Theater review: ‘Smokey Joe’s Cafe’ Another Hit for Studio Tenn

Smokey Joe's Cafe 1FRANKLIN, Tenn. – Studio Tenn Theatre Company’s smooth and sultry take on Smokey Joe’s Cafe: The Songs of Leiber and Stoller is simply sublime. And like the two legends celebrated through that music revue, this young troupe keeps churning out the onstage hits.

The consummately professional ensemble offers an invigorating cocktail comprised of more than 30 songs from the legendary catalog of songwriters Jerry Leiber and Mike Stoller. Director Matt Logan once again brings design and performance elements together in perfect harmony.

Smokey Joe's Cafe 2Just a partial look at the song list – “Kansas City,” “Trouble,” “Fools Fall In Love,” “Poison Ivy,” “On Broadway,” “Yakety Yak,” “Charlie Brown,” “Loving You,” “Treat Me Nice,” “Hound Dog,” “There Goes My Baby,” “Love Potion #9,” “Jailhouse Rock,” “Spanish Harlem,” “I (Who Have Nothing)” and “Stand by Me” – makes it easy to understand why the original Broadway cast album won a Grammy in 1996. And it’s also understandable that such popular American tunes would fuel a 2,036-performance run on the Great White Way.

Yes, some critics have been bothered by the lack of a plot, but since it’s a music revue I’ve never understood why – Smokey Joe’s Cafe doesn’t pretend to be anything more or less than bringing very talented singers/actors on stage to perform some great songs.

Smokey Joe's Cafe 3It’s certainly presented in top-notch theatrical form by Studio Tenn, with a marvelous neon-topped saloon set by Logan (who once again excels in costume design as well). His eye for details, down to a vintage jukebox and classic Tennessee-shaped license plates above the entrance, his inventive use of space and the vivid colors he employs make me think of the celebrated Tony Walton (those not familiar with him can, and should, click here for more information).

Smokey Joe's Cafe 4The cast is just as accomplished as the man that helms this show. “American Idol” finalist and Belmont University grad Melinda Doolittle has her own soulful style, but her command and versatility also bring to mind a heady mix of jazz-fuelled luminaries Sarah Vaughan, Lena Horne and Ella Fitzgerald. “Saved” and “I’m a Woman” provide two of several examples in this show where her powerful and deep-rooted voice holds us in its oh-so-cool embrace. Her “You’re the Boss” duet with bass Harvey A Hubert is also terrific.

Smokey Joe's Cafe 5Amanda Sudano Ramirez and Abner Ramirez are professionally known as the pop duo JOHNNYSWIM. In Smokey Joe’s Cafe they’re awesome together – “Love Me/Don’t” is beautiful – and apart – she on the playful “Some Cats Don’t Know” and he on the shattering “I (Who Have Nothing),” to provide two examples.

Laura Matula, is there anything you can’t do? Her Miss Adelaide for Studio Tenn’s Guys and Dolls was Broadway-worthy, and she’s appeared in stage and cabaret settings around Nashville for some time now displaying her amazing vocal range and acting chops. Matula always delivers, whether it’s a ballad, novelty or other type of number.

Smokey Joe's Cafe 6Libby Hodges can belt it out with the best of them. My favorite was “Pearl’s a Singer” since it showcased Hodges’ storytelling ability as well as her crystal-clear vocal pipes.

Smokey Joe's Cafe 7John-Mark McGaha has such a glorious tenor sound and it’s put to good use in such songs as “On Broadway” and “Stand By Me.” Ryan Greenawalt provides great instruction in “Teach Me How to Shimmy” and I don’t think I’ve ever enjoyed “Spanish Harlem” as much as when Hubert sings it in this show.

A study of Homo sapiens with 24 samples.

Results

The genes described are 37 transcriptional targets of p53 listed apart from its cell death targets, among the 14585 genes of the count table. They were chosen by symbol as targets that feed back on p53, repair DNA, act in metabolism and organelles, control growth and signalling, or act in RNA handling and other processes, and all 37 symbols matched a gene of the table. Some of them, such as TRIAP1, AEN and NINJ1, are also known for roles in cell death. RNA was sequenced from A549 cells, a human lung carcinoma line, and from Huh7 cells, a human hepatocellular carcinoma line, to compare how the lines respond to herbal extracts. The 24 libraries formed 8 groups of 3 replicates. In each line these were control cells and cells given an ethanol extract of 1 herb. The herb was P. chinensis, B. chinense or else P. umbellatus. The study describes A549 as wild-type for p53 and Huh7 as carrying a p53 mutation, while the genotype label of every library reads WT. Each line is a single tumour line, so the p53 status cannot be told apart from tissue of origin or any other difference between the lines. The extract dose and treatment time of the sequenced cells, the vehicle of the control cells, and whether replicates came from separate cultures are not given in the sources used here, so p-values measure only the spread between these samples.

Smokey Joe's Cafe 8Music Director/Conductor Stephen Kummer tickles the ivories while his fellow bandmates – saxophonist Jimmy Bowland, drummer Ron Krasinski, guitarist Dale Herr and bassist Alana Rocklin – provide their equally top-notch talents in the orchestra pit. Danny Northup’s sound makes sure voices and instruments reach the audience in perfect balance; Emily Tello provides some fun-loving choreography that falls under Stephen Moss’ atmospherically-appropriate lighting.

What a marvelous season kickoff for Studio Tenn. If Smokey Joe’s Cafe is any indication – and the company’s past history indicates it is – theatergoers have much to look forward to during 2012-13.

Smokey Joe's Cafe 9Studio Tenn Theatre Company presents Smokey Joe’s Cafe through Oct. 7 at the Franklin Theatre (419 Main. St.) Performances start at 7 p.m. Thursday and Friday, 2 p.m. and 7 p.m. on Saturday, and 2 p.m. Sunday. Tickets ($47.50-$57.50) and more information are available at www.studiotenn.com.

*Photos by ANTHONYMATULA courtesy Studio Tenn Theatre Company.


Evans Donnell is the chief theater, film and opera critic as well as co-founder of ArtsNash. He wrote reviews and features about theater, opera and classical music for The Tennessean from 2002 to 2011. He was the theater, film and opera critic for ArtNowNashville.com from 2011 to 2012. Donnell has also contributed to The Sondheim Review, Back Stage, The City Paper (Nashville), the Nashville Banner, The (Bowling Green, Ky.) Daily News and several other publications since beginning his professional journalism career in 1985 with The Lebanon (Tenn.) Democrat. He was selected as a fellow for the 2004 National Critics Institute at the Eugene O’Neill Theater Center, and for National Endowment for the Arts (NEA) arts journalism institutes for theater and musical theater at the USC Annenberg School for Communication and Journalism in 2006 and classical music and opera at the Columbia University School of Journalism in 2009. He has also been an actor (member of Actors Equity Association and SAG-AFTRA), founding and running AthensSouth Theatre from 1996 to 2001 and appearing in Milos Forman's "The People vs Larry Flynt" among other credits. Donnell is a member of the American Theatre Critics Association (www.americantheatrecritics.org).